Medicare has very specific coverage rules, and generally Medicare does not provide coverage for personal care (also known as “custodial care” such as needing help with meals, supervision) unless a person is homebound and also requires skilled care services provided by a Medicare home health agency. (Skilled care is care from a licensed nurse or therapist, which has been ordered by a doctor.)
Medicare does provide short-term respite to give caregivers a break but only under the hospice benefit, when your loved one has a life-threatening illness and has elected to receive hospice care.
However, there may be other options in your area (other than Medicare) that can help you and your family with taking care of your loved one. Here are some resources to help support your efforts:
- Medicaid programs: Many states offer programs through Medicaid to allow direct federal payments to family caregivers for their services. To see what’s available in your community, use the Eldercare Locator at www.eldercare.gov. The Eldercare Locator can connect you to your local aging and disability agencies that can assist you in applying for assistance.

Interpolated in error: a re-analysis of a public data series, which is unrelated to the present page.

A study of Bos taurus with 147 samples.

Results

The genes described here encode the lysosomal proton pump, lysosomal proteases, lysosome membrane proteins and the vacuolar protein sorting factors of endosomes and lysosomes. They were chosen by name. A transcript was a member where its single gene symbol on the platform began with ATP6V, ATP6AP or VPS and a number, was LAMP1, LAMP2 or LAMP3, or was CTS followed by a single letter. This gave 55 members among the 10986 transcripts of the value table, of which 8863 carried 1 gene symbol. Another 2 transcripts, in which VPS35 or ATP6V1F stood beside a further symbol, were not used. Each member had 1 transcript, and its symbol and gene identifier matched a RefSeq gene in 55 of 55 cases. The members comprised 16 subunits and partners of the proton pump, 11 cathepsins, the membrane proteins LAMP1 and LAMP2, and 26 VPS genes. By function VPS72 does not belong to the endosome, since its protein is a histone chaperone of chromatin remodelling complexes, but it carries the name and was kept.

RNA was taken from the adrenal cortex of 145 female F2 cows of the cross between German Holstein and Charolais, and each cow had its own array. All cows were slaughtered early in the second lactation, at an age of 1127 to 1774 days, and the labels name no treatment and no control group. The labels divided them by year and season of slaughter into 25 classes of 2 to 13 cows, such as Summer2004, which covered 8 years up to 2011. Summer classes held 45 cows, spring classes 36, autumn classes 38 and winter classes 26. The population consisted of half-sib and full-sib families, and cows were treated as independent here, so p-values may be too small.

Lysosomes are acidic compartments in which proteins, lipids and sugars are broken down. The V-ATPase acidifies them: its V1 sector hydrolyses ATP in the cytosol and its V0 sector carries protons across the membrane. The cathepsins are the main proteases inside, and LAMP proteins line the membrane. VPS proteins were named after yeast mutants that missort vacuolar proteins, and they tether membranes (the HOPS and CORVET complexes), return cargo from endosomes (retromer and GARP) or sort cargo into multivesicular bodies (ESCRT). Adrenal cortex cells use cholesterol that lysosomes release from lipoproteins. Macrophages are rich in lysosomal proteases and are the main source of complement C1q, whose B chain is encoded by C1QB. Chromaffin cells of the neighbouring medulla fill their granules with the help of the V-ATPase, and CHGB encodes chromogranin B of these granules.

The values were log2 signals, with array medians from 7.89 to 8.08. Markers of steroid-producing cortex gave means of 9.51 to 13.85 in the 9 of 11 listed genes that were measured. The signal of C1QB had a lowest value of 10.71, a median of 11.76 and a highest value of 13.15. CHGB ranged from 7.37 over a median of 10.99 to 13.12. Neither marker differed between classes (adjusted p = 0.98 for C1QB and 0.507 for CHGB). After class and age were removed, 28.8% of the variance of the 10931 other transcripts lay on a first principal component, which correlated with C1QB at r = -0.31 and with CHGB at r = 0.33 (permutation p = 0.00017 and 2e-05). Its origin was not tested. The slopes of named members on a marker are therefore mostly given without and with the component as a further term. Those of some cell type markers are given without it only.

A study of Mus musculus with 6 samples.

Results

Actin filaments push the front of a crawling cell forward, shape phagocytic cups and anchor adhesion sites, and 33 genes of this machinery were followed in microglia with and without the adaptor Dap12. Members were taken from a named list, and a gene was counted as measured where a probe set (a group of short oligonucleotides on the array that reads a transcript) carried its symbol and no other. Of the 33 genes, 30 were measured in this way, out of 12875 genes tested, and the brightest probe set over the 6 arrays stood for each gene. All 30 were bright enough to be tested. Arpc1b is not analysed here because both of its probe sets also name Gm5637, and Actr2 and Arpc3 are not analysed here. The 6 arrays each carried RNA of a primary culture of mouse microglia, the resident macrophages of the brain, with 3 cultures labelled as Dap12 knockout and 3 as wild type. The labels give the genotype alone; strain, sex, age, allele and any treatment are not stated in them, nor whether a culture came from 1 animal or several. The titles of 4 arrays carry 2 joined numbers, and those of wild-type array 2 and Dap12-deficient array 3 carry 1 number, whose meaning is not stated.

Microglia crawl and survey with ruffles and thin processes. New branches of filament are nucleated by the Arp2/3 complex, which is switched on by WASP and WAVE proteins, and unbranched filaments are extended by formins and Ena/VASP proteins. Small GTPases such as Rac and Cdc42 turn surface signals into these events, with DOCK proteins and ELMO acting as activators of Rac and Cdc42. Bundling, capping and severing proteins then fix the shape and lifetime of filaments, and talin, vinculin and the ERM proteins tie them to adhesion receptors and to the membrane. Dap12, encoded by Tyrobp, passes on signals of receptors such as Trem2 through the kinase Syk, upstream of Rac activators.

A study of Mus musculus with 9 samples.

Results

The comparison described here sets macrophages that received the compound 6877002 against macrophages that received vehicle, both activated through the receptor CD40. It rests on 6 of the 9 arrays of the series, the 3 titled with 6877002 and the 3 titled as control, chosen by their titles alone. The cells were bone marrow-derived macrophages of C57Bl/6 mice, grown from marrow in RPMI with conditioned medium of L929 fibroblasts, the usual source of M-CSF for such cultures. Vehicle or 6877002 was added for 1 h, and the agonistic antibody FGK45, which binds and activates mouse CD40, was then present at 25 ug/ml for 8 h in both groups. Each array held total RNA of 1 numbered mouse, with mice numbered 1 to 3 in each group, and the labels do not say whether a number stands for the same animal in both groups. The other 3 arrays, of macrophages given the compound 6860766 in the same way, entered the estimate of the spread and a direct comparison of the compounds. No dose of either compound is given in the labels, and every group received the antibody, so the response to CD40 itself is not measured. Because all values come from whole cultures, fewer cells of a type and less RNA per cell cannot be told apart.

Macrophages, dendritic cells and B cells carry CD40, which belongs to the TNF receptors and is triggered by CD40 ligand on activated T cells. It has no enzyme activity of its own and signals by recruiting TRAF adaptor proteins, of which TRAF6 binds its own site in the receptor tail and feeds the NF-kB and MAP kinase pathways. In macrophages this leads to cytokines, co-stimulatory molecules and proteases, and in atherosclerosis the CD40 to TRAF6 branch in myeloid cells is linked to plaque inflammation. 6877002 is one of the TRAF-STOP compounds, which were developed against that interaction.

- Caregiver respite and support programs: There are also a number of caregiver support programs that can provide respite care, so you can take an occasional break from your caregiving responsibilities. Check out Family Caregiver Alliance at www.caregiver.org, and select “Family Care Navigator: State-by-State Guide” under the “Caregiver Info & Advice” tab to help find local respite providers and support services in your area.
- BenefitsCheckUp.org: BenefitsCheckUp is a free, confidential screening service from the National Council on Aging that helps identify thousands of programs to help seniors and adults with disabilities pay for health care, prescriptions, food, home energy costs, transportation, and more. To learn more, visit www.benefitscheckup.org.